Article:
City Focus: Perth

By William Smith

Business Chief takes a look at the burgeoning tourism industry serving to supplement the wealth Perth has derived from Western Australia’s resources.

Perth first achieved city status in 1856, and rose precipitously thanks to the late 19th century Westen Australian gold rushes. With a population of 2.06mn people in 2018, according to the Australian Bureau of Statistics, the capital of Western Australia is the country’s fourth largest city. Dominant in the state, it represents 79.4% of Western Australia’s total population. According to SGS Economic & Planning, the city’s GDP was AU$150.3bn in 2017-18, comprising 8.3% of national GDP and 58.4% of Western Australia’s.

While that success has been unequivocally built on the back of the mining and resources industries, modern Perth has more to offer, including a burgeoning tourism industry built off of the city’s isolation from Australia’s other major cities. Indeed, the nearest ‘big city’ is Adelaide, some 1,300 miles away. In a country as large as Australia, travelling domestically can be just as exotic as a foreign trip.

Consequently, Perth Airport serves as a gateway to Western Australia for both citizens and those from foreign countries. This is reflected in the airport’s make up, with two international and four domestic terminals. In FY18, the airport said that a total of 13.7mn passengers passed through the airport, making it Australia’s fourth busiest. Of those, 9.3mn were domestic. The airport itself is also a major employer, providing 17,000 jobs to the local area, with the airport estimating that it contributed AU$3.66bn to the Western Australian economy.


Headquartered in the Perth suburb of Henderson, international ship building firm Austal builds vessels for both commercial and defence purposes. Over its 30 year history, the company says it has built over 300 ships, with its Perth operation specifically building defence vessels such as patrol boats and transport ships. Austal also has side businesses in maintenance and ship control systems including its MARINELINK series of control and management systems.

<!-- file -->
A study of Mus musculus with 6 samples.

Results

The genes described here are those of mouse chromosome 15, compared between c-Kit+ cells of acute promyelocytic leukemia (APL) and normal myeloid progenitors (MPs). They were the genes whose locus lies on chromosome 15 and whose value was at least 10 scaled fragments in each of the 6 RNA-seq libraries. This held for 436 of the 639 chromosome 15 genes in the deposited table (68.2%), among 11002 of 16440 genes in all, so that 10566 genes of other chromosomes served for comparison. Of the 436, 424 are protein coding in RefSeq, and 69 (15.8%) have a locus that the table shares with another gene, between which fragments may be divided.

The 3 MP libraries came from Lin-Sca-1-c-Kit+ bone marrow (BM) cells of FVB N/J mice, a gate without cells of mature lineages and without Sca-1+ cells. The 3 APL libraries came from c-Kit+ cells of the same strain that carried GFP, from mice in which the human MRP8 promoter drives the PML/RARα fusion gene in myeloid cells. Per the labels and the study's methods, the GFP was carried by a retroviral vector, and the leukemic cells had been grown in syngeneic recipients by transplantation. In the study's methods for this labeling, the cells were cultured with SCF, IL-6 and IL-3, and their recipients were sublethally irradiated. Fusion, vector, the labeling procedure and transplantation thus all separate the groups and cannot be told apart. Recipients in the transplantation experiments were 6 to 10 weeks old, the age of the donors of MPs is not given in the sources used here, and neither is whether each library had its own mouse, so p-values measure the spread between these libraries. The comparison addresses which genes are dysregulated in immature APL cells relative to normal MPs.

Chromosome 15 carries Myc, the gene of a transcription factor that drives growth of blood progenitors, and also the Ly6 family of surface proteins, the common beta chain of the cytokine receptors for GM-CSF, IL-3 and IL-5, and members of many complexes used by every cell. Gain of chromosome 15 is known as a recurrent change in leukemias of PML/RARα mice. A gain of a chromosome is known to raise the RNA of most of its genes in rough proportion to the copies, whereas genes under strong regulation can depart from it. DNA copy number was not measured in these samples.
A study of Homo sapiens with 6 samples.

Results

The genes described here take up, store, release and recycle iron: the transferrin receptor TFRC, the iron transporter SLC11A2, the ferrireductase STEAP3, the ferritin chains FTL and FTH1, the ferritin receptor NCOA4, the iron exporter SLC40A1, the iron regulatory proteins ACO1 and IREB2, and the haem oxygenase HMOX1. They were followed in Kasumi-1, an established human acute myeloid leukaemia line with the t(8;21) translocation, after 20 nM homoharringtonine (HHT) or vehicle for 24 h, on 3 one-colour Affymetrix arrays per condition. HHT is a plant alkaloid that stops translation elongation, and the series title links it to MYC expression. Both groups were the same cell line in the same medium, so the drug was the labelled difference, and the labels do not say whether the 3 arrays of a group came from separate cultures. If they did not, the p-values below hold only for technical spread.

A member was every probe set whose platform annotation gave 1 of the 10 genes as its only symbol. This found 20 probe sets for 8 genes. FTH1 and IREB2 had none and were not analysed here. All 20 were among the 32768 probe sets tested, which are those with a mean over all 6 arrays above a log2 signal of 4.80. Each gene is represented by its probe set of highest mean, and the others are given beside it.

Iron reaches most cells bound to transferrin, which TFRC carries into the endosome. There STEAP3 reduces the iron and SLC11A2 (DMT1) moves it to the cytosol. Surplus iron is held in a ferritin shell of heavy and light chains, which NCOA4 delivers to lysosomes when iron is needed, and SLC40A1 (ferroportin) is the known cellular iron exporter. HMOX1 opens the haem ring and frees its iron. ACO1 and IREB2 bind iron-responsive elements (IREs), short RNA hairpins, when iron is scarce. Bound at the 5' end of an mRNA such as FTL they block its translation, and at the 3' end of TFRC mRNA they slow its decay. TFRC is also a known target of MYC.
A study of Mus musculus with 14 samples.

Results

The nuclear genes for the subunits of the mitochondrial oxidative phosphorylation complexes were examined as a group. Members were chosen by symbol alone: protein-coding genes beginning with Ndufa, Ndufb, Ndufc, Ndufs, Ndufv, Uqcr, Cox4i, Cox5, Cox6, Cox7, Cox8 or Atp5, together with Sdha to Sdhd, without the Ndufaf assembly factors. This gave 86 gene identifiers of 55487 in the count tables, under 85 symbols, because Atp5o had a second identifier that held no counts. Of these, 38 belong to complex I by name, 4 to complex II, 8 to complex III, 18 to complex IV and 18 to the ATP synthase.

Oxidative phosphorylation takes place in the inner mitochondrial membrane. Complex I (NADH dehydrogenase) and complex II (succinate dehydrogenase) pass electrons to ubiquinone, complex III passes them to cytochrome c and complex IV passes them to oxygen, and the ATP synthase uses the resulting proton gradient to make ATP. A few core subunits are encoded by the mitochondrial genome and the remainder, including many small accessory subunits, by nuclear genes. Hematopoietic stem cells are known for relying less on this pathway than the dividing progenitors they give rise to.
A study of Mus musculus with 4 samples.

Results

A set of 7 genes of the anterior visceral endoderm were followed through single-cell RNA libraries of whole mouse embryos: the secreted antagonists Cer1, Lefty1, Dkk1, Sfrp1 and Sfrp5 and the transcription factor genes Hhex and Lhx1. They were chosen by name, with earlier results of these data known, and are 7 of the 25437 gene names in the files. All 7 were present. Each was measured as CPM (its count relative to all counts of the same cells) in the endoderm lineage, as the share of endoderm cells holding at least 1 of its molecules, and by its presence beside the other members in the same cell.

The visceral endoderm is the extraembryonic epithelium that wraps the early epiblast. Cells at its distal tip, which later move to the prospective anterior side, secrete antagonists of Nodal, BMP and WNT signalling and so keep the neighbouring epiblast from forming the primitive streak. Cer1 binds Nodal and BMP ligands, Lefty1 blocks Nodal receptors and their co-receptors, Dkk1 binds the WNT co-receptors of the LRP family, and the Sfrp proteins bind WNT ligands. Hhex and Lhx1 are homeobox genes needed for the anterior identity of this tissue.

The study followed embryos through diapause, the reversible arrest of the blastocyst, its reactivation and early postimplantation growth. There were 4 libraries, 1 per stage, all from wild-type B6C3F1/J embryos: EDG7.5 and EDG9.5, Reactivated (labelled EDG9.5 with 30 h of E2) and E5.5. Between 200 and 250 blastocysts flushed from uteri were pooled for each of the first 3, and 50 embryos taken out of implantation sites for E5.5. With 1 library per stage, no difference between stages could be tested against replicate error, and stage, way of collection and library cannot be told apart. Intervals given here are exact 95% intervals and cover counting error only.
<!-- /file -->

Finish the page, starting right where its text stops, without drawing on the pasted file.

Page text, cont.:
Previously one of Australia’s ‘Big Four’ internet service providers (ISPs) alongside Telstra, Optus and TPG Capital, iiNet was acquired by the latter company in 2015. Despite this, the company still operates under its own name as a subsidiary. Employing over 2,500 people, iiNet is headquartered in the suburb of Subiaco. Its offerings range from fibre to mobile networks, and it is a provider of access to the National Broadband Network – the government run internet infrastructure project.




Seven West Media

One of Australia’s largest media companies, Seven West Media was formed from the amalgamation of a number of different media properties, all of which it owns. Beginning with The West Australian tabloid, a fixture since 1833, the group also own magazine publisher Pacific Magazines. The jewel in the crown is its namesake Seven Network, one of Australia’s principal television channels, and offerer of such programmes as the soap opera Home and Away and game show Big Brother, as well as covering the Olympics.

With Perth Airport reporting a 1.2% yearly increase in domestic passengers, it’s worth reflecting on what is driving visitors to the state. One of the most idiosyncratic attractions is Rottnest Island (from the Dutch for ‘rat’s nest’), accessible by ferry from the city. Despite its unattractive name, the island is a haven for nature, particularly the rare quokka marsupial. Owing to its lack of fear for humans, the quokka has become an important piece of publicity for the city’s tourism industry, and sparking a trend for so called quokka selfies. Rottnest also boasts a number of pristine beaches, unspoilt by the pollution of cars, which aren’t allowed on the island. These factors combined to draw in 769,000 visitors to the island in 2018, a year-on-year increase of 15%.

Upcoming events in the city include the 4th International Conference on Energy and Environmental Science (ICEES), taking place between 8 and 10 January and focusing on such topics as renewables, biofuels and water treatment. Also occurring, from 28 to 31 January at the Pan Pacific Perth hotel, is the 4th Women in Construction, Infrastructure & Engineering Leadership Summit, dedicated to increasing the proportion of women in leadership roles inside the respective industries. Despite its geographical isolation, Perth has undoubtedly capitalised upon its position as a gateway to Western Australia. While the state’s mineral wealth remains an important part of the mix, the city has also spread its wings to incorporate other, service-driven industries, future-proofing its position as Western Australia’s prime destination.

For more information on business topics in Australia and New Zealand, please take a look at the latest edition of Business Chief ANZ.